Frozen shoulder is a condition causing pain and loss of movement in the shoulder. Not all movements are affected. The following three become painful and limited throughout the course of the freezing phase:
- external rotation: reaching to the back seat in the car
- internal rotation: putting your arm in a sleeve
- abduction: lifting your arm up from the side
Symptoms and Causes
The progress of the condition can be broken down into three phases. Firstly freezing, in which pain and restriction increase. After a few months we move to the frozen phase, where movement remains limited but pain decreases. As movement begins to return, you are in the thawing phase. Unlike other shoulder problems, the joint will stay restricted whether you move it yourself or your osteopath examines it for you while you are relaxed. This is because the problem is caused by tightness and inflammation in the layer around the shoulder joint.
On top of this, the muscles around the shoulder often tighten up in an effort to protect the shoulder. This can inadvertently limit the other movements that are not limited by the frozen shoulder itself. As well as the ball and socket joint, there is a lot of movement between the shoulder blade and rib cage. If the muscles around here cause restriction, suddenly there is a reduction in almost all ranges, despite that joint not being affected by the condition itself.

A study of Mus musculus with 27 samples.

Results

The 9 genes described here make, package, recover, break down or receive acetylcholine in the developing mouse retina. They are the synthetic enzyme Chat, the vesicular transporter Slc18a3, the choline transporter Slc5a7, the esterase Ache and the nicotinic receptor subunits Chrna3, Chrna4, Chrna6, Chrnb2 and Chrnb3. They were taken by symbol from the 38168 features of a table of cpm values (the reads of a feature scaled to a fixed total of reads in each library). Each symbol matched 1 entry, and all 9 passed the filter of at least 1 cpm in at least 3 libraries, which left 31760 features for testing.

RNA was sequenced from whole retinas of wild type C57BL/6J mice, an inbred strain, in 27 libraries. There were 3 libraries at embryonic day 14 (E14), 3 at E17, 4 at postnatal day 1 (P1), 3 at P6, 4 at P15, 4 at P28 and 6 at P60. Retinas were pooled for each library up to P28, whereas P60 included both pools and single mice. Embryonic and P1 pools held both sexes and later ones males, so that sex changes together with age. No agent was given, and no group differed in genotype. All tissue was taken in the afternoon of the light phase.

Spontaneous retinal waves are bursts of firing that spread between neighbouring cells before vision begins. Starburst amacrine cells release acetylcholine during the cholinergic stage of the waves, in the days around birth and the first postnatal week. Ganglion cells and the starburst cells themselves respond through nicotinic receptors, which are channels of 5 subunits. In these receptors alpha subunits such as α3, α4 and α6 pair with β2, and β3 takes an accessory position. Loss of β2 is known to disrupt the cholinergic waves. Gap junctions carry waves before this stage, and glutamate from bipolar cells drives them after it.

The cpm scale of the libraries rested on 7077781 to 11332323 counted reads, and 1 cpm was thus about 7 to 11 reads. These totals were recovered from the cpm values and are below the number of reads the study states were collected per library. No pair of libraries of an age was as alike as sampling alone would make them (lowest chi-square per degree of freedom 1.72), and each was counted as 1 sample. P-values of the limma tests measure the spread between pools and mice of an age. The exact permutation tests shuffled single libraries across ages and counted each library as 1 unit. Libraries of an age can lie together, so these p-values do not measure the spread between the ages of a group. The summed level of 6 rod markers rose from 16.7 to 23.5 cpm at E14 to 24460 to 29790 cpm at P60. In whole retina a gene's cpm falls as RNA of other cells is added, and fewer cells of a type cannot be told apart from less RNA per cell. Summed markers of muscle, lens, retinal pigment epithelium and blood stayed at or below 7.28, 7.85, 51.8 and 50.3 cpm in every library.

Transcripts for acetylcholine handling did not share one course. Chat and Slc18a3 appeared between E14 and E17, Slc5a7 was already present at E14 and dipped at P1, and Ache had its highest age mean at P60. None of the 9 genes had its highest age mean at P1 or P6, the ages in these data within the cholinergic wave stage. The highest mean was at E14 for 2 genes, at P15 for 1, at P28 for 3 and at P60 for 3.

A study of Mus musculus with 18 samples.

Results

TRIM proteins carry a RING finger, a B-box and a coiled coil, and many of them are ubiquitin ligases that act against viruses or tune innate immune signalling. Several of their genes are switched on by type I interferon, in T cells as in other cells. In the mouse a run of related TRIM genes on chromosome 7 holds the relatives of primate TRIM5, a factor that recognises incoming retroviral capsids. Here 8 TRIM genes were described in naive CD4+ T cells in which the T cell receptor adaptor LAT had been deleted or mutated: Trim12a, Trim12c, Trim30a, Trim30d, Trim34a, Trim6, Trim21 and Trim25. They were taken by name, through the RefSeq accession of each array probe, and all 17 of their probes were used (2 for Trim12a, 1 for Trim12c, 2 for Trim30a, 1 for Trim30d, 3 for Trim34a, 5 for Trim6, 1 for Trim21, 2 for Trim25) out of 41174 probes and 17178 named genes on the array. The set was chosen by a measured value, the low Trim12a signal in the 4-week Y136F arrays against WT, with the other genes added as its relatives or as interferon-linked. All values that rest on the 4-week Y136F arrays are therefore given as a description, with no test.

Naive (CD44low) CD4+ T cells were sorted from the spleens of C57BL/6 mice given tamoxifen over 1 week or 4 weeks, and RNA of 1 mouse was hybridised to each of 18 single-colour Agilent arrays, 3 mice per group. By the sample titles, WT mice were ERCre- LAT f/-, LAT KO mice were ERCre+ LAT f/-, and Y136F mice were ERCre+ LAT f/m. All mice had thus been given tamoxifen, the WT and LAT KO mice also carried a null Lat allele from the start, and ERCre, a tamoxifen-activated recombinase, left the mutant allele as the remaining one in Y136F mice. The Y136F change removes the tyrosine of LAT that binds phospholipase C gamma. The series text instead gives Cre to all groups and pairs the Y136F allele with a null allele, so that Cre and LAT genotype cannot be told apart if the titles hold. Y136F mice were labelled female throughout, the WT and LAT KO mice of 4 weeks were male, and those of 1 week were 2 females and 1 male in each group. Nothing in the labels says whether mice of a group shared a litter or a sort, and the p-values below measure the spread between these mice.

Although the condition causes a problem in the shoulder joint itself, it can have a secondary effect elsewhere. The body compensates for pain and lost movement, asking more of nearby areas. Pain in the surrounding muscles and up into the neck is common. Some people also develop aches and pains in the other shoulder as they carry out their normal activities with the other arm.
Often it begins for no apparent reason, although there are risk factors. A period of restriction in the arm, as with using a sling after a fracture or surgery, can lead to frozen shoulder. People with diabetes, particularly if it is poorly controlled, are more likely than average to develop the condition. There are also some medications associated with its development. However, a lot of the time it comes on for no apparent reason.
Managing Frozen Shoulder
Your osteopath cannot prevent the development of the condition once it starts, but research suggests that manual therapy and exercise can speed it along. We can work with you to develop an exercise plan that you can stick to and gradually build up as symptoms improve. If you find the normal exercises dry, we can think outside the box. Maybe you want to return to tennis, so it would make sense to develop tennis movements using the weight of the racket.
We will also work to manage any areas of compensation. Often we find that the restriction causes you to hitch the affected shoulder, causing tightness into the top of the shoulder and the neck. This in turn can lead to headaches, so treating the body as a whole can prevent secondary issues. Releasing the local muscles helps to relieve the discomfort generated by them, but also frees up the other ranges of the shoulder.